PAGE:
Saturday 20 February 2016

Bible Book:

“But I was like a gentle lamb led to the slaughter.” (v. 19)

Jeremiah 11:18-20 Saturday 20 February 2016

Psalm: Psalm 38:10-22


Jeremiah's prophecies that Judah faced destructionunless it turned back to God in penitence brought an inevitablebacklash - but even he was astonished that it came from his ownfamily.

We read that it was the men of Anathoth who plottedto get rid of him. This is Jeremiah's home village (Jeremiah 1:1) and a community of Levites,priests for the worship of Yahweh. Not murderers. It gets worse inthe next chapter when we read that it was Jeremiah's own family whowere involved:

"For even your kinsfolk and your own family,
   even they have dealt treacherously with you;
   they are in full cry after you;
do not believe them,
   though they speak friendly words to you."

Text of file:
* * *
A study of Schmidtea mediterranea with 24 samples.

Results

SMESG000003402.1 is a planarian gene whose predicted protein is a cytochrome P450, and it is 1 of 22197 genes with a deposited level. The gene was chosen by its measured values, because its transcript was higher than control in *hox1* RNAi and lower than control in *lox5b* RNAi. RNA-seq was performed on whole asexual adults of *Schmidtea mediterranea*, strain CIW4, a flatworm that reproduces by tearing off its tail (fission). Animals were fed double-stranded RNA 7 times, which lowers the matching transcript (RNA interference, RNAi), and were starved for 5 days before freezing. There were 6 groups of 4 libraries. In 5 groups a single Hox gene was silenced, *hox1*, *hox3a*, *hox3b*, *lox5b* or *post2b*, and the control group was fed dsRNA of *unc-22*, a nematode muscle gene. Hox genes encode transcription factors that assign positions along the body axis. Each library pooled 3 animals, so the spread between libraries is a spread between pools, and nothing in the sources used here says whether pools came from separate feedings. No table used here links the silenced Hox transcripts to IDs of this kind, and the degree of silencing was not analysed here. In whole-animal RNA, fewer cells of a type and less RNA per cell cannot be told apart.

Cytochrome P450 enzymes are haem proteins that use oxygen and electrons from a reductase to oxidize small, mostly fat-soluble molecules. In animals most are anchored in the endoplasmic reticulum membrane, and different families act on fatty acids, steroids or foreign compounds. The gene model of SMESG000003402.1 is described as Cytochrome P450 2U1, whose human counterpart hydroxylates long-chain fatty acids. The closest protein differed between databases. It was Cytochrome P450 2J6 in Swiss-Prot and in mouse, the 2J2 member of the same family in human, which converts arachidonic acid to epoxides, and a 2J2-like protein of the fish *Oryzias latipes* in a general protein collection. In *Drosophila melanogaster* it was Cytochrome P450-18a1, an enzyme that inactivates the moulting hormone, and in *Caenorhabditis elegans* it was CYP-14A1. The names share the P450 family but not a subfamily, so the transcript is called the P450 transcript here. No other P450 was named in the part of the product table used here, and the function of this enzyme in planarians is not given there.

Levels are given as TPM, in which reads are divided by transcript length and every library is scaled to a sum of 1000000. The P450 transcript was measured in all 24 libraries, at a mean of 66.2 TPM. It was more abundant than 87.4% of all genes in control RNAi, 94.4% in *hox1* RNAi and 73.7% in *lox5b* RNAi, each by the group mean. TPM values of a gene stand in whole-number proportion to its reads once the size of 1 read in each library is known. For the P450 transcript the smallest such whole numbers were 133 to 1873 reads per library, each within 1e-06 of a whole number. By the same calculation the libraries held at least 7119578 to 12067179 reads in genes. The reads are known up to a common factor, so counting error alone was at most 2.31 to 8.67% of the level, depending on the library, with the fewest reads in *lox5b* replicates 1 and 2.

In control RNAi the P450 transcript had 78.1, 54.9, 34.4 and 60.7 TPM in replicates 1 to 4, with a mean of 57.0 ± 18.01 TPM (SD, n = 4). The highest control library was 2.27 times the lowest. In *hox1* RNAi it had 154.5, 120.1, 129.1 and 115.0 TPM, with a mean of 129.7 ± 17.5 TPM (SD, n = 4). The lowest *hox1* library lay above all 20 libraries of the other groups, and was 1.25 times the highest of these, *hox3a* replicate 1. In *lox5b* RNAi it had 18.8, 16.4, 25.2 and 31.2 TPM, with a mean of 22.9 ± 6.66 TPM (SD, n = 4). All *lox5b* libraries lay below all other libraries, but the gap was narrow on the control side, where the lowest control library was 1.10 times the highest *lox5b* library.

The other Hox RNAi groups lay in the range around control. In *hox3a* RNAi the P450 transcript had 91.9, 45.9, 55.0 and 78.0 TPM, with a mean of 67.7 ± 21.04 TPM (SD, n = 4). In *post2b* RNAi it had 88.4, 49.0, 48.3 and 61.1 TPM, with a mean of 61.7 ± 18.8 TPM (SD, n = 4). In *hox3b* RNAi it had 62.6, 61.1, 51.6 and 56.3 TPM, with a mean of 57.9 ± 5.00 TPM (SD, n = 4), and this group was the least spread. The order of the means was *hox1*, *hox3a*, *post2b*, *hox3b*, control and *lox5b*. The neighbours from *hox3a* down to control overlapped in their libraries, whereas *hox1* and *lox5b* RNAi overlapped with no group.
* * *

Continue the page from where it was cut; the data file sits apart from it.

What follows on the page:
(Jeremiah 12:6)

Jeremiah is amazed. "I was like a gentle lamb ledto the slaughter," he says - in a rare passage where he lets bothhis innocence and his personal feelings become clear as he callsfor retribution by God.

We seem to have come into a classic religiousargument: who is actually speaking for God?

Is it the historic priestly families fromcommunities such as Anathoth - those who would lose power andprestige if Jeremiah's prophecies were actually taken to heart bythe people? Is it the prophet - who stands alone and calls anentire nation to remember the ancient covenant and return to thefounding principles of their faith … which is for most people a newway of living.

What a picture then when Jesus burst upon the scenecenturies later calling people to a new way! What an image ofanother lamb led to the slaughter, but one who did not raise up hisvoice.

To Ponder

  • How can the Church help people bring their anger to God?
  • Discerning who is speaking for God is difficult. How do youlearn to hear well? And what advice might you pass on toothers?